Your legs have faithfully carried you far and wide, but sometimes your journeys show up as road maps across the surface of your legs. Called varicose veins, these gnarled and bulging veins affect over 30 million people in the United States. They are unsightly, but they can also cause considerable pain and pose health risks.
While varicose veins are very common, there's a surprising amount of misinformation swirling around about the causes and treatments. Here are seven facts to help you better understand varicose veins and, more important, what you can do about it.
What comes down, must go up
Your blood is in constant motion, busily delivering oxygen and nutrients back and forth to every nook and cranny to your body. While the initial thrust is delivered by your heart, your blood's movement is helped along by muscles and valves in and around your veins that control the upward and downward flow. The farther blood is from your heart, the more these valves and muscles must work, fighting not just distance, but gravity.
Varicose veins develop when the vessels in your legs aren't shutting properly, allowing your blood to fall backward and pool, a condition called venous insufficiency. As a result, your veins become enlarged and start to collapse downward, like sagging socks.
More than skin deep
While varicose veins present only a cosmetic concern for some people, for others they are far more than just an eyesore. Varicose veins can cause mild discomfort and itching to moderate pain and swelling, even leading to more painful sores and ulcers that don't heal.
A woman’s world
While both men and women can get varicose veins, the condition favors the fairer sex — by a lot. Women are twice as likely to develop varicose veins than men.
Many people believe varicose veins occur only in people who are overweight, which isn't true. Varicose veins develop in men and women of all shapes and sizes. That said, weight issues do play a role in making you more prone to varicose veins, and obesity can significantly exacerbate the condition.
As with weight, age doesn’t determine whether you develop varicose veins, but it can play a role. Just as every other system in your body wears down over time, so, too, does your circulatory system. While teenagers can, and do, develop varicose veins, the older you get, the more susceptible you are to the condition.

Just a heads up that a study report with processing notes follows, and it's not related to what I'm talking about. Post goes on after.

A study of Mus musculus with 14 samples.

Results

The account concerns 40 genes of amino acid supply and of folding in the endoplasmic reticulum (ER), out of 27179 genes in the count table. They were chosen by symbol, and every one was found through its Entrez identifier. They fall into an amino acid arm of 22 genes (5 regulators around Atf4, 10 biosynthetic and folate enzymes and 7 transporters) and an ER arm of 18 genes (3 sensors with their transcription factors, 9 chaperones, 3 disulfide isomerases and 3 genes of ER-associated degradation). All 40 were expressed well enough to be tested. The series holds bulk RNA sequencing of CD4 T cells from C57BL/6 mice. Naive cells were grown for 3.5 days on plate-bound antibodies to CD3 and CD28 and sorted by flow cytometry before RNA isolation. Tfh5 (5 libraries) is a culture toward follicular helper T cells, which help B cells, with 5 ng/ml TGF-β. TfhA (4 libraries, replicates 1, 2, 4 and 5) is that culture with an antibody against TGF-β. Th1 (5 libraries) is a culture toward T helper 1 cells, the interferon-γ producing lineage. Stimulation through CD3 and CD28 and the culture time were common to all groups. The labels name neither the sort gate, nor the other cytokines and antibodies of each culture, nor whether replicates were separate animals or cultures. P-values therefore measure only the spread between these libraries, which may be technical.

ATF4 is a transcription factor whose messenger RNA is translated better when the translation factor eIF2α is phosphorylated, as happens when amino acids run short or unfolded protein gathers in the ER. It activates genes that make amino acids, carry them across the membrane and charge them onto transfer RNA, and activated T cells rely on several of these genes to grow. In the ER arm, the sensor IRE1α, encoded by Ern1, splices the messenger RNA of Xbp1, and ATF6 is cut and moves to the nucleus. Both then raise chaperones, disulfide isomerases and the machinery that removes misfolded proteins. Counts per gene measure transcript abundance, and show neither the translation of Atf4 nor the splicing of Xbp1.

In the genes
We've discussed factors that help play a role in the extent of your varicose veins, like weight, age, or gender, but the bottom line is that varicose veins are largely linked to genetics and heredity. If varicose veins run in your family, your odds are substantially increased for developing venous insufficiency.
In the know
Less than 8% of the 30 million people with varicose veins seek medical care, which speaks to a lack of information about effective treatments. At Advanced Cardiovascular Care, Dr. Syed Bokhari has been successfully treating varicose veins in patients for years with several minimally invasive and nonsurgical techniques, including:
- Sclerotherapy injections: An FDA approved medication injection that destroys smaller varicose veins
- Laser and light therapies: A noninvasive technique that uses heat energy to destroy the veins without harming the surface of your skin
- Endovenous ablation: A 45-minute, in-office procedure using radiofrequency technology to cauterize varicose veins
- Venaseal procedure: An office based procedure to inject glue via a catheter to close down the culprit veins causing problems
In addition to these treatments, you can do a number of things on your own to minimize the impact and development of varicose veins, and we’re happy to discuss them with you. To learn more about how to successfully combat varicose veins, call Advanced Cardiovascular Care or schedule an appointment using the convenient online booking tool.